There are ways to protect your finances this December,
so that January doesn’t feel like the month that never ends.
Follow these handy tips to enjoy the festive season sensibly.
Draw up a budget to determine what you can spend on entertainment, presents and other items. Stick to
this if you want to remain in control of your finances. Make sure you understand how much money you
really have to spend this holiday season. Have your bank statements at hand and be honest about what
you’ll have left after your regular monthly expenses. Don’t cheat by including how much you expect to
get from a 13th cheque or annual bonus – if you are lucky enough to get a bonus, see it as just that, not
a guaranteed way to get through the month.
Make a list of all your expected expenses – accommodation, entertainment, gifts, extra fuel – this
holiday and make sure you know where the money for all of this will come from. If there’s a shortfall,
decide where you will have to scale back.
2. SHUN CREDIT
In the run-up to Christmas, also be wary of deals that entice you to buy on credit. Don’t get distracted
by “no deposit” deals as these can often end up costing you far more in interest repayments over the
It may make you feel better for a short while to splash out on feel-good gifts for your family, but
remember that you’ll be left with a high price to pay at the end of it. If you fail to keep up with your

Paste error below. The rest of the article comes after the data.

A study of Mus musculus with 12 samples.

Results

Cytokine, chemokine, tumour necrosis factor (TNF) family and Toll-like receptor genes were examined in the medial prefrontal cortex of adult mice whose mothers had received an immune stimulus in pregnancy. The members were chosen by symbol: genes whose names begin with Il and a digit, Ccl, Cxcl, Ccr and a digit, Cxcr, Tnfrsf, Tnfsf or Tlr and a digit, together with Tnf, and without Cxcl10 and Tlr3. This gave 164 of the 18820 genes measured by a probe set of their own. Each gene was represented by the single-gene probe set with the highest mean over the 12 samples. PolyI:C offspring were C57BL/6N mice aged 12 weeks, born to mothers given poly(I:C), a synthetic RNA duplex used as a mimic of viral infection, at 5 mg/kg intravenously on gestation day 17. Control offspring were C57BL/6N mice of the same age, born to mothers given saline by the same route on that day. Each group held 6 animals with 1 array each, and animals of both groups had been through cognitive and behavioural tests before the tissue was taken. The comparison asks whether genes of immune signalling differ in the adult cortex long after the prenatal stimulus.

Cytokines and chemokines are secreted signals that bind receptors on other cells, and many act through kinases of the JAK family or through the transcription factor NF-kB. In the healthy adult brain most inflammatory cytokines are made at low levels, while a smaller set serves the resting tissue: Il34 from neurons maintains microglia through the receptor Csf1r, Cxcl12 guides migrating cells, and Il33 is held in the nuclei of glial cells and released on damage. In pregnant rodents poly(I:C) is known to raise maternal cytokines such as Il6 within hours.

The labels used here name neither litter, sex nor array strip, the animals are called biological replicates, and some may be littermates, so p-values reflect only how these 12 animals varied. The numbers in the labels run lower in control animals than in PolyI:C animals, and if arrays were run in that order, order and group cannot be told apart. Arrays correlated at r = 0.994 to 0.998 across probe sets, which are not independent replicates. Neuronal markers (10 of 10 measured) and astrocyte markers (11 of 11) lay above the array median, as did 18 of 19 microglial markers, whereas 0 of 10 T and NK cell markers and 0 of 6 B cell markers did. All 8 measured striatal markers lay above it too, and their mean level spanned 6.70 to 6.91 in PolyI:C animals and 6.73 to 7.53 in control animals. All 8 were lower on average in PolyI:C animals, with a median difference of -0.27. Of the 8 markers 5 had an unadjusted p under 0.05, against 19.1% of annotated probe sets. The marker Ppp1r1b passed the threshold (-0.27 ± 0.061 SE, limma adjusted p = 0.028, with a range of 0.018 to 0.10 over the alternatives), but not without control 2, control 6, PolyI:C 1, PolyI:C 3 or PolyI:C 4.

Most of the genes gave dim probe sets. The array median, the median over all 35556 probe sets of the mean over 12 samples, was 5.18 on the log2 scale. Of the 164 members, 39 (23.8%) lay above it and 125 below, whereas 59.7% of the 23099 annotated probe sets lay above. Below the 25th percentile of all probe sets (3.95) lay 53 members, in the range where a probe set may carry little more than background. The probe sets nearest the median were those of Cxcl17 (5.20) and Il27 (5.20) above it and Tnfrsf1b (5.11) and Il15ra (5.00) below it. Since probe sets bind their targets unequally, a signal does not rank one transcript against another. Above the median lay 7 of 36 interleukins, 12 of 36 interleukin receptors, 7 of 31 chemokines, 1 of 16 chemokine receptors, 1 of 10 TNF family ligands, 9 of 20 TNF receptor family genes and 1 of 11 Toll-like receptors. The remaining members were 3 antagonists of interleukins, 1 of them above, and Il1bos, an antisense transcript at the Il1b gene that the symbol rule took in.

repayments, you could lose your most valuable assets, including your home and car.
When buying gifts, keep to your spending limits with the “envelope strategy”. Decide with your partner
and family members how much you will spend on specific budget items (like gifts and entertainment).
Draw that money in cash and put the exact amount into sealed envelopes. No plastic, no extra cash, just
the maximum amount you are prepared to spend. This should go a long way to ensuring you stick to the
4. budget. When you go shopping for presents, go with nothing more than the envelopes.
SAVING FOR JANUARY
Overspending in December wouldn’t be that much of an issue if January wasn’t such an expensive
month. We often forget that we still have to pay household accounts such as lights and water in the next
year and will need to pay for other costs such as uniforms and school fees. Start setting money aside for
all the additional start-of-the-year expenses early in the previous year.
Food prices at holiday destinations can be expensive and the price of meat usually shoots up during
December. Try to plan your menus before you go on holiday, taking potentially expensive non-
perishable items and frozen meat with you.
Car trouble over December will wreck your budget. Service your car before you go on holiday. Also,
given the alarming road accidents, it may be wise to consider taking out cover, to pay for costs not
covered by your medical scheme and may cover a number of expenses in case of an accident.
7. DON’T TAKE A HOLIDAY FROM YOUR PROBLEMS
If you have a problem with debt, don’t put off dealing with it until the New Year, when there’s a rush of
crisis-stricken people on creditors. Speak to your bank and try to negotiate a repayment schedule or talk
to a debt counsellor and see if they can help you.
START PLANNING FOR DECEMBER
The best way to ensure that you won’t overspend in the festive season is by saving for it. Use a monthly 8. debit order to put away an amount to use for end-of-the-year expenses. Or start a stokvel with friends
– peer pressure can be more effective than self-discipline. Every month each member contributes an amount, which is shared at the end of the year. Booking and paying your holiday early in the year will also be cheaper and stock up on Christmas gifts throughout the year at sales.